Over 40% of furloughed Britons not looking for a new job, recruiter Indeed finds

·2-min read
Employers across a range of sectors - particularly hospitality and leisure firms - are facing a staffing crisis (Pexels/Pixabay)
Employers across a range of sectors - particularly hospitality and leisure firms - are facing a staffing crisis (Pexels/Pixabay)

Chancellor Rishi Sunak's flagship Covid support measure, the furlough scheme, is being scaled back and is set to fold in late September.

Nearly two million workers were still on furlough as of the end of June, according to ONSfigures, and experts are divided on the impact its closure will have on the labour market.

There are reams of vacancies on offer as the jobs market has bounced back strongly since the majority of lockdown restrictions lifted in May. Latest data showed the economy had added half a million jobs in the past three months.

At the same time, employers across a range of sectors - particularly hospitality and leisure firms - are facing a staffing crisis.

Some CEOs believe the winding up of the Coronavirus Job Retention Scheme will help ease the labour shortages, but others argue shortages are here to stay as they being fuelled by Brexit and other longer-term macro factors.

A new survey of more than 5,000 British adults from jobs site Indeed, released on Thursday, found found 41% of those still fully or partially furloughed are not open to searching for a new job.

Of these respondents, 71% said they were not job-seeking because they expect to return to their pre-pandemic role.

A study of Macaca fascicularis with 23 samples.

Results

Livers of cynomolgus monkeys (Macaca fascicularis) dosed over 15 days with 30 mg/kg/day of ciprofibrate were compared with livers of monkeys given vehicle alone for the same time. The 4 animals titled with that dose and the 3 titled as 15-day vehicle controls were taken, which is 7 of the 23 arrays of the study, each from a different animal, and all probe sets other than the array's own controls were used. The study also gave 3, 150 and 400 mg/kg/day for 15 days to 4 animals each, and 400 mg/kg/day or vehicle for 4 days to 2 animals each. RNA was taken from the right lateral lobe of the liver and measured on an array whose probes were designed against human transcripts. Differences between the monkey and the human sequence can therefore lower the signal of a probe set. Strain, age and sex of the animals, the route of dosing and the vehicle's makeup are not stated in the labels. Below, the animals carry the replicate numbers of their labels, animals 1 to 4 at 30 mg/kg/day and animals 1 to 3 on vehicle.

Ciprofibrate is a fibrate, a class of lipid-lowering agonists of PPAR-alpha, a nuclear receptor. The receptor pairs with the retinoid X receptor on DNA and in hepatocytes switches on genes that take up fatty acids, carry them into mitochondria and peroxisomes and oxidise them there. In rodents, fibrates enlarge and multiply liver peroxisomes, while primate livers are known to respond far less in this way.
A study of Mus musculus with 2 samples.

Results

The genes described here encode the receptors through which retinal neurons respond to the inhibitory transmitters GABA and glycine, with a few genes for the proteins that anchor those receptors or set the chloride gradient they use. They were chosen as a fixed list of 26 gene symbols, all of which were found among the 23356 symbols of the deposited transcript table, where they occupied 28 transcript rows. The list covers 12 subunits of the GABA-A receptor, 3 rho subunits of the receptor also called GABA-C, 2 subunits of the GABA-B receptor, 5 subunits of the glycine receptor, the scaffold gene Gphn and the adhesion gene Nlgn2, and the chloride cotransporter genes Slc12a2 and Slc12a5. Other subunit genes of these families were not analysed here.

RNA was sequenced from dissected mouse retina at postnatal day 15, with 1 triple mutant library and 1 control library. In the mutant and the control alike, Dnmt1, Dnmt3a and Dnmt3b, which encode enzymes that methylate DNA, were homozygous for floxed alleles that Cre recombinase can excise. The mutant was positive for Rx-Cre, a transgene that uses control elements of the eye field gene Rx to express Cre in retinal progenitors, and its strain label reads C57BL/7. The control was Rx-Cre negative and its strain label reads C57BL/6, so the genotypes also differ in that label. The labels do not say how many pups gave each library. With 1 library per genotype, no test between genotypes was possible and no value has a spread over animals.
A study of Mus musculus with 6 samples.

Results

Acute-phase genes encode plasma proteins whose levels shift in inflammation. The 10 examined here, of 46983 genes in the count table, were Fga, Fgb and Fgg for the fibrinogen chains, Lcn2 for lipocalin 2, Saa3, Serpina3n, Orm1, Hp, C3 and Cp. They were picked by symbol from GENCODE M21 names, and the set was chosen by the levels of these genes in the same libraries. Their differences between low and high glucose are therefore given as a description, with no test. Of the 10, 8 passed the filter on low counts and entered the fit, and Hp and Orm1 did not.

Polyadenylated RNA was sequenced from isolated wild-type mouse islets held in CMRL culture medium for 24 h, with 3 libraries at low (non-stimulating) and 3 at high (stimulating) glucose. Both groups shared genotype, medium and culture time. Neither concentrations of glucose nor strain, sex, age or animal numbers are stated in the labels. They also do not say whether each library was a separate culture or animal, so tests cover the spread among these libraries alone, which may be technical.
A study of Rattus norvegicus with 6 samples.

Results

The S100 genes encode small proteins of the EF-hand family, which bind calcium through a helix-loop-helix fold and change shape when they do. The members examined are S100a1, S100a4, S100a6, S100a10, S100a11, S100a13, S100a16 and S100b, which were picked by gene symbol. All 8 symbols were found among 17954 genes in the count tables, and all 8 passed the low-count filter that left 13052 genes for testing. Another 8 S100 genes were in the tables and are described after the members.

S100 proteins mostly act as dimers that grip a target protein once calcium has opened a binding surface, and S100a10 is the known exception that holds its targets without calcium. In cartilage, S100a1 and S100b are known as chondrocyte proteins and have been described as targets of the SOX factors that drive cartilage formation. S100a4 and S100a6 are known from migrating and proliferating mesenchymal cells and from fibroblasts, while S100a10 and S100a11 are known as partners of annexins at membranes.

Just 9% of those who were not searching for alternative employment believed there was no work available nearby.

When analysing responses from both people on furlough and those who said they were unemployed, Indeed researchers found just 11% were carrying out an "urgent search" for a new role.

Around 30% of unemployed people who are not urgently looking for work said they had "a financial cushion sufficient for some time", and so were being choosier about job opportunities.

The jobs site concluded its research suggests current staff shortages may be in part a result of "a lack of urgency among jobseekers to find a new role, even if they are unemployed or still on furlough".

Site economist, Jack Kennedy, warned that with almost two million people still on furlough, “some may soon learn they will not be going back [to their old role] and will therefore need to start actively searching" for jobs.

He said: "Many employers are desperate for staff, but a significant portion of the workforce appear surprisingly relaxed about finding work, preferring to wait for more job opportunities to emerge.

“Even with the end of the furlough scheme looming, most are feeling optimistic about returning to their workplace and so are in no rush to find a new job.

“For now, amid a backdrop of robust labour demand and a strong sellers’ market, most people seem to feel they can be choosy about their next job move.”